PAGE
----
More than 500 representatives of governments and civil society started a one-week conference in Montreal, Canada, today to devise ways to measure progress on implementing the Convention on Biological Diversity (CBD) adopted at the 1992 United Nations summit on the environment.
The ninth meeting of the Subsidiary Body on Scientific Technical and Technological Advice (SBSTTA-9) will continue its work assessing the status of biological diversity; reviewing measures taken to meet CBD provisions and answering technical questions from the Conference of the Parties to the CBD (COP). The previous eight SBSTTA meetings sent 78 recommendations to COP.
"Clearly, a transfer of technologies is needed to enable most countries to make significant progress towards the conservation of biodiversity and towards reaching our 2010 target of a significant reduction in the rate of loss of biodiversity," CBD executive secretary Hamdallah Zedan said.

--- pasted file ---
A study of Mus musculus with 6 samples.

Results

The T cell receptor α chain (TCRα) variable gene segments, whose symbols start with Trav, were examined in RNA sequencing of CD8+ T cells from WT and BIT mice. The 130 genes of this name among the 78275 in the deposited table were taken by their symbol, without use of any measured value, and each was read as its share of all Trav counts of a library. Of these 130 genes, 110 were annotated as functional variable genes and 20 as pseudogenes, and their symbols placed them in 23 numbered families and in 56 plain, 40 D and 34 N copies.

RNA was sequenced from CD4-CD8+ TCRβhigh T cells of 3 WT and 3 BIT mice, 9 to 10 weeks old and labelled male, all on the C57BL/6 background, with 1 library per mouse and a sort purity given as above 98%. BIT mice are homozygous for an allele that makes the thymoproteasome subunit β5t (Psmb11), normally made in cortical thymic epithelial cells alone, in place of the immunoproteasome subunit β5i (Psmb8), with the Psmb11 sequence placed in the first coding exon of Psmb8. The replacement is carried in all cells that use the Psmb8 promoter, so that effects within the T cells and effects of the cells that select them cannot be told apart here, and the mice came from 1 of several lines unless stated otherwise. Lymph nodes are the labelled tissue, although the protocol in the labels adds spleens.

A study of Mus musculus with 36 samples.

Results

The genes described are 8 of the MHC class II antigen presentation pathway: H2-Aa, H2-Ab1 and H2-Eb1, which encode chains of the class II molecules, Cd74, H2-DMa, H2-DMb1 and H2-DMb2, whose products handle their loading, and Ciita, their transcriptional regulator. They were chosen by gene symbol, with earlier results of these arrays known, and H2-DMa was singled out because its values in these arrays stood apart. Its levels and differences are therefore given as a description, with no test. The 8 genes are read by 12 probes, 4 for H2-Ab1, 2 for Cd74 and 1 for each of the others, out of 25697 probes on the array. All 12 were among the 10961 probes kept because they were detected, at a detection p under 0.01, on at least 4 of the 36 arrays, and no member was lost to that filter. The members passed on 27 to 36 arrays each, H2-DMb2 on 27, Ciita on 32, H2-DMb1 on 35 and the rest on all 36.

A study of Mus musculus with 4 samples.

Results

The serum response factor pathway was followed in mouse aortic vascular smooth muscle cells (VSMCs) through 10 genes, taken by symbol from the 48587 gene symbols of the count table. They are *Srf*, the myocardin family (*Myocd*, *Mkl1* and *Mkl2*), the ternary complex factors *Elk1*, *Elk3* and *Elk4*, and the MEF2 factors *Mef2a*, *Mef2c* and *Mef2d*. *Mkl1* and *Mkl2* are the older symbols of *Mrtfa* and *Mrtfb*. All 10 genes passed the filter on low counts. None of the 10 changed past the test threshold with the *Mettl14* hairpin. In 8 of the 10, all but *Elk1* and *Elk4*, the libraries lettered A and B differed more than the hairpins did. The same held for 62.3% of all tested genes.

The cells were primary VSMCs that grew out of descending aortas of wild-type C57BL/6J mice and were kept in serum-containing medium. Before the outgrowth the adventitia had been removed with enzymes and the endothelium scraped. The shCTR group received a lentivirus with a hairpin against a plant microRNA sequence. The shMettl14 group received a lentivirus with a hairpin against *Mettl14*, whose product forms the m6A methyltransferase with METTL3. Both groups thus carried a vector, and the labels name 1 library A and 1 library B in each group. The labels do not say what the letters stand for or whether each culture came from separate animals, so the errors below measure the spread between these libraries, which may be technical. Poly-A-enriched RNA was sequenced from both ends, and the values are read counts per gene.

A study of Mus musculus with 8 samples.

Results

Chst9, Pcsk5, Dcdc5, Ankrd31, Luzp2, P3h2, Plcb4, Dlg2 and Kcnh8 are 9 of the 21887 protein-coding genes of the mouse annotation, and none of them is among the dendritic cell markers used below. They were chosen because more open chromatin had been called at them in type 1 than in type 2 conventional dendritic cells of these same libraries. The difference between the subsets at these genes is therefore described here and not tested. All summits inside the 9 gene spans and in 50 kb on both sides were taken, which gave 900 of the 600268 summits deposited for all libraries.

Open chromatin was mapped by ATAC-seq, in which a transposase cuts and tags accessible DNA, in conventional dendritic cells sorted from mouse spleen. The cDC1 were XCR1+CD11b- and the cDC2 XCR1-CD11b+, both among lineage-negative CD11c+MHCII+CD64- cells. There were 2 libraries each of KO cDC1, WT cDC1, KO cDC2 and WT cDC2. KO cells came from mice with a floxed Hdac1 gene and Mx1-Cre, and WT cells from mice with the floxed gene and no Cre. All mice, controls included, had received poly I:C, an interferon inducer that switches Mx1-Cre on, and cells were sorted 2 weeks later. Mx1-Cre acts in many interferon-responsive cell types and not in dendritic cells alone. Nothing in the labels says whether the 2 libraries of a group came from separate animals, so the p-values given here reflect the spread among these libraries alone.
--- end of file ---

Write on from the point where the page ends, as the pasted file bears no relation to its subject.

The Strategic Plan of the Convention adopted by COP in 2002 includes a significant reduction of the current rate of biodiversity loss at the global, regional and national levels by 2010.
"Much has been accomplished in the implementation of the Convention's programmes of work. Much still remains to be done to reach full implementation by 2010. Success in reaching the targets requires the adoption of indicators to measure and monitor biodiversity -- one of the principal topics of the meeting," SBSTTA-9 chairman Alfred Oteng-Yeboah, a botanist, said.
Recommendations from this meeting will be sent to the seventh COP meeting to be held in February in Kuala Lumpur, Malaysia.
Meanwhile, the 164-member Conference of the Parties to the Convention on International Trade in Endangered Species of Wild Fauna and Flora (CITES) said the internationally agreed trade regulations for the commercially valuable big-leaf mahogany timber would enter into force on 15 November.
The neotropical populations of big-leaf mahogany (Swietenia macrophylla) will now be listed on CITES Appendix II. The listing requires that the $100 million a year shipments of the timber carry CITES export permits to reduce the illegal logging that had threatened the species with commercial extinction.